The issues do need exploring. Who are the best people to design services? And who are the best people to run them? To what extent can we trust individuals and organisations who have a vested financial interest? Are the systems under regulated, or overregulated?
For the sake of their patients and population, GPs analyse the health need, and the provision of existing services, and identify where the gaps are. Local providers may have services that fill the gap, but that are too remote. Or they may have services that fulfil the patient needs of 10 years ago, but are no longer finely tuned to today's needs. Services need to be brought closer to the patient home, especially as modern understanding and technology makes it clinically effective to do so – it's good for patients, it's good for clinical outcomes, and it's good for finances.
GPs use a variety of tools and support services to identify the gaps, and the analysis is subject to scrutiny. Where GPs design and provide the health services that fill the gap, they can't just go ahead and spend money with themselves, it has to go through an exhaustive procurement process.
And yet, we claim that there is a conflict of interest! Are we surprised when patients choose the services that are designed around their needs, in competition to services that are outdated, or too difficult to access? It is probably inevitable that a service designed for a specific purpose will attract users who want that specific purpose; it is probably inevitable that GP-designed services are more popular with local patients.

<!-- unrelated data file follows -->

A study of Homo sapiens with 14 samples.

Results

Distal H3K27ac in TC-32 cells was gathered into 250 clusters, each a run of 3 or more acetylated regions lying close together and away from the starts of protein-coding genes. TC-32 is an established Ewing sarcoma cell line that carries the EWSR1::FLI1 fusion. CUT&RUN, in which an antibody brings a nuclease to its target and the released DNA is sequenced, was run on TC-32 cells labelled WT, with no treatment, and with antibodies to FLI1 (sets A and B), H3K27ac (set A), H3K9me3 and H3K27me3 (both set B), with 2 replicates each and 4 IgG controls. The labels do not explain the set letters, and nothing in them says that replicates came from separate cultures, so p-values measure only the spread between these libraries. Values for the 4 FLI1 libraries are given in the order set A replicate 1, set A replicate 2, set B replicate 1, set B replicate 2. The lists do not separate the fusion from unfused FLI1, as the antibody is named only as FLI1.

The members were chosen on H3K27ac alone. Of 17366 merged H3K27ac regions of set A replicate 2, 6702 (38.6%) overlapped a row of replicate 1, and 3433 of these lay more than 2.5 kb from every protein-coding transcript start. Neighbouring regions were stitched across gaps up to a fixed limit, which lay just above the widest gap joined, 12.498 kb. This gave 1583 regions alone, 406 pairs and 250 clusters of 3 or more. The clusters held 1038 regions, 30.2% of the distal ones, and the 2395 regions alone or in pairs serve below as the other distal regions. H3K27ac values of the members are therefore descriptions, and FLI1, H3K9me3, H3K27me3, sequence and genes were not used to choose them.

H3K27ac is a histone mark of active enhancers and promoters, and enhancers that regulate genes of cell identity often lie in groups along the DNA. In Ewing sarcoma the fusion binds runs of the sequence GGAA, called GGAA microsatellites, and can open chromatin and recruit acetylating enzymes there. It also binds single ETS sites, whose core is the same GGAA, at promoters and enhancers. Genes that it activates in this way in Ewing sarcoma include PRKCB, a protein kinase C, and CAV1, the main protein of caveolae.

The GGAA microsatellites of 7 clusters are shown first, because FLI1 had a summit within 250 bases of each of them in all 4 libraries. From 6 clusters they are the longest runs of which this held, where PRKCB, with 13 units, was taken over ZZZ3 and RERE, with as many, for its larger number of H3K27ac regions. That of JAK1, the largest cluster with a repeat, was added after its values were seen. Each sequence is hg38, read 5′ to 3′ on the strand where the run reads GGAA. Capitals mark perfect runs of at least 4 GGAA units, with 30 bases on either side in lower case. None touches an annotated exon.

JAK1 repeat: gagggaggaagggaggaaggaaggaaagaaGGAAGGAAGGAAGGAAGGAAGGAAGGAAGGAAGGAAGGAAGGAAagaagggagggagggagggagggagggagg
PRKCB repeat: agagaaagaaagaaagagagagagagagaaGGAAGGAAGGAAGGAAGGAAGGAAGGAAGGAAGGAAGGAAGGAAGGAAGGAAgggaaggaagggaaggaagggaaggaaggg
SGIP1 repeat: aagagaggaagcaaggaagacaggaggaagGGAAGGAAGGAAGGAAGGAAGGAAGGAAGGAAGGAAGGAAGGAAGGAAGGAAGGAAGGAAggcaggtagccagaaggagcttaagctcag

The sheer complexity of different specialties in hospital care, and advances in what can be done, make it impossible for general practitioners and family doctors to keep up with what's available. Some specialties, like orthopaedics, routinely use the first outpatient appointment as a triage service; the patient arrives and their case is reviewed, and they are then referred to a specialist consultant or surgeon who provides the treatment.
Outpatient appointments are expensive. We want triage a service, which can examine the referral itself, and cut out that first triage outpatient appointment by sending the patient directly to the right specialty.
Who better to do this than someone who knows? If referring to a specialty was as simple as following an algorithm, then general practitioners will be able to do it. We need a team with clinical expertise, and knowledge of what is available, and it is perhaps inevitable that the team comes from one of the providers of the same services.
Not for nothing are our hospitals, mental health organisations, ambulance services, and community care organisations called "Trust".
I don't think it probable that most organisations will put patient care on a back seat in order to maximise their income. Yes, we all can think of examples of individuals and organisations who do this routinely, but they are in the minority. Few (in the UK at least) would provide unnecessary medical interventions – assaults on the patient’s physical body – because of the extra income it generates. Few, in all conscience, would recommend that patients go to the wrong service, just because it makes them richer. Perhaps, we need to accept that the GPs are the best people to design patient services, and that the hospitals are the best people to provide the triage team, and to trust a little more.